The “Marlboro Man” had long since established himself as the number one American businessman in town (see Tobacco Control 1997;6:243–5). Months before Clinton’s arrival, Philip Morris had no qualms about cashing in on Senegalese youth’s fascination with the United States. “Come to Marlboro Country”, invited large billboards at every turn. “America, here I come!”, exclaimed a poster for L & M, Marlboro’s sister brand, sporting a trendy, young, white couple sharing a smoke beside a pay ’phone before they zip off to New York City on their shiny new motorcycle. “Win a trip to the US with L & M”, it enticingly announced to passers by.
Philip Morris even employed Senegal’s best loved wrestler, Mohamed “Tyson” Ndao (namesake of the American boxer Mike), often seen wearing an American flag during his trademark victory dance, to plug their addictive sticks. Last autumn, a television advertisement showed a close up of Tyson giving the “thumbs up” sign as the camera panned “m-a-r-l-b-o-r-o”.
Clinton and his entourage, including 250 journalists, saw none of the starred and striped tobacco hype. Perhaps fearful that the president, on a rare step outside Air Force One, would catch a glimpse of his cowboy kinsman and cry “Foul play!”, Philip Morris had taken acute pains to cover the “evidence”, strategically banishing all their advertising: radio, posters, and billboards.
Philip Morris had good reason to be afraid. Proposed tobacco legislation in the United States at the time was calling for strict international tobacco control measures which would bar government funds from being used to promote American tobacco overseas; further, it called for increased funding for overseas tobacco control via international agencies such as the World Health Organisation, UNICEF and through an American-sponsored technical assistance body, and a code of conduct for American tobacco companies abroad comparable to domestic anti-tobacco laws; and a crack down on tobacco smuggling.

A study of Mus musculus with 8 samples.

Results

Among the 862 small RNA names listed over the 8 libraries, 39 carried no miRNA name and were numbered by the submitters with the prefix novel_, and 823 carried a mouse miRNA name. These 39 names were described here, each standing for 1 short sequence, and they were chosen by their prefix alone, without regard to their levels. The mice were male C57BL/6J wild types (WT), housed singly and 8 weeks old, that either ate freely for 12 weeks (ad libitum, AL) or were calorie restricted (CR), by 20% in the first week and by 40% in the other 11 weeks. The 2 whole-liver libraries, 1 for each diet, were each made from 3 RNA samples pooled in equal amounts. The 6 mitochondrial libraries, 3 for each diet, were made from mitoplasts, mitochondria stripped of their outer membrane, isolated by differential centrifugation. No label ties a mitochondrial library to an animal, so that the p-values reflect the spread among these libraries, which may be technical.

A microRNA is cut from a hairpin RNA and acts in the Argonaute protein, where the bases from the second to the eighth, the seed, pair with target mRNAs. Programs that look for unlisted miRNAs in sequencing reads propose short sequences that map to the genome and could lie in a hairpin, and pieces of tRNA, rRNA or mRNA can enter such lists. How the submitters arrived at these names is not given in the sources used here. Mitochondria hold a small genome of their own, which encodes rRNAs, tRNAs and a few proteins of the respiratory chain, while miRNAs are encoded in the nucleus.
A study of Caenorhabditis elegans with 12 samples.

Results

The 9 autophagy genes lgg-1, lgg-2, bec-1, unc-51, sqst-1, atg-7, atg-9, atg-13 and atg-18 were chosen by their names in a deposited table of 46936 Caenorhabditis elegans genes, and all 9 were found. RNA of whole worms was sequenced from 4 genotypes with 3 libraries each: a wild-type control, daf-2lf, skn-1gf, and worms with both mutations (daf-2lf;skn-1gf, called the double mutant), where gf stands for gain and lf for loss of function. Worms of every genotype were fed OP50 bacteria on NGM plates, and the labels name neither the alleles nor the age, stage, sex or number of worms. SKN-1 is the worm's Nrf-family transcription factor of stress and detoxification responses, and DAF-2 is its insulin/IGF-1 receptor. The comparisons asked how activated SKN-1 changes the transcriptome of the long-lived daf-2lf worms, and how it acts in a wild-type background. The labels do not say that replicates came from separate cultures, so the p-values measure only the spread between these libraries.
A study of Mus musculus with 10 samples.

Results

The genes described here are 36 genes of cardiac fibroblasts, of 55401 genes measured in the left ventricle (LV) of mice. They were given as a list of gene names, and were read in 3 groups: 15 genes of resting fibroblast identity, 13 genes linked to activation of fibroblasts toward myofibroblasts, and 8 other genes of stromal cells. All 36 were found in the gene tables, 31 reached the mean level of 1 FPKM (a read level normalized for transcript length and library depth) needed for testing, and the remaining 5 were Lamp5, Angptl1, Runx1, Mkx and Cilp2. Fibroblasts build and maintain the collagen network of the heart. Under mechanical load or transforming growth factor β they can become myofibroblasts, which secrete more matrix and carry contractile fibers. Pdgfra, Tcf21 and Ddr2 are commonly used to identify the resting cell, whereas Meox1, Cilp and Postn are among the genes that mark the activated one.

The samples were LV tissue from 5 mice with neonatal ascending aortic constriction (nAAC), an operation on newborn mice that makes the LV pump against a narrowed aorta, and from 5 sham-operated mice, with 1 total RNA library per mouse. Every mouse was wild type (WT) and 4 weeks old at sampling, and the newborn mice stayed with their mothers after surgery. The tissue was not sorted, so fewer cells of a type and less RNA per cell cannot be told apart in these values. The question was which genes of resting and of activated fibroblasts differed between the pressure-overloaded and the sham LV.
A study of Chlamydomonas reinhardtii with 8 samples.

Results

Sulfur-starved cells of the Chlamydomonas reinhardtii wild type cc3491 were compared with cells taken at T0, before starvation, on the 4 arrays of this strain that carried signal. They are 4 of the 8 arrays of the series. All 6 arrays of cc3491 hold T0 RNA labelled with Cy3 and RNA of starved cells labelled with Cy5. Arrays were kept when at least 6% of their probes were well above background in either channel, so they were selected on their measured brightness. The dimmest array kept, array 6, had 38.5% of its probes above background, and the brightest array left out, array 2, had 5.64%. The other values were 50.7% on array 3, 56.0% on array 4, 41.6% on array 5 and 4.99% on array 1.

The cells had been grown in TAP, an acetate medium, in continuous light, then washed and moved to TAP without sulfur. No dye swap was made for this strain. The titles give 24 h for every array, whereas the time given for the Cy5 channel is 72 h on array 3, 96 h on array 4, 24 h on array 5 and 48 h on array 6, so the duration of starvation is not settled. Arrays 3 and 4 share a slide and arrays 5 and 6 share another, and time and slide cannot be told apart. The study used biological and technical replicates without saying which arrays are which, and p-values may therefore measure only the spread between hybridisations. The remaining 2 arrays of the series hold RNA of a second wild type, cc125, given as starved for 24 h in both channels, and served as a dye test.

Furthermore, the US State Department had issued a new directive on international tobacco policy less than two months earlier, encouraging American embassies to “assist and promote tobacco-control efforts in host countries”.
According to one local radio station technician with a friend working for Marlboro, Philip Morris pulled all their radio advertisements during the week coinciding with the president’s and first lady’s visit. Local store owners in the Grand Dakar neighbourhood confirmed that Philip Morris representatives had paid a visit to remove posters before the Clintons’ arrival. The explanation given to one store owner was that the “mayor of Dakar has put a tax on posters”. Funny timing, and since when has Marlboro been so “poor”?
With Clinton gone, Philip Morris began repainting whole storefronts in red and white, a strategy often used by other products to dominate and eliminate competing advertising. And the Western cowboy’s omnipresence was again as strong as ever. Sexily clad Marlboro women hand out free cigarettes in popular nightclubs. Toddlers in rural villages sport “Marlboro” outfits. And Dakar schoolchildren were spotted carrying their books in red and white “Marlboro” backpacks. Philip Morris’ great April Fool’s Joke in Senegal was over.
“If Americans know cigarettes kill people, how come they let ‘Marlboro’ promote them in Africa?” a young Senegalese man, sharing a smoke with his buddies, asked in genuine wonder. Good question. It is at the very heart of the international tobacco hypocrisy that Philip Morris wishes to cover up.
All articles written by David Simpson unless otherwise attributed. Ideas and items for News Analysis should be sent to David Simpson at the address given on the inside front cover.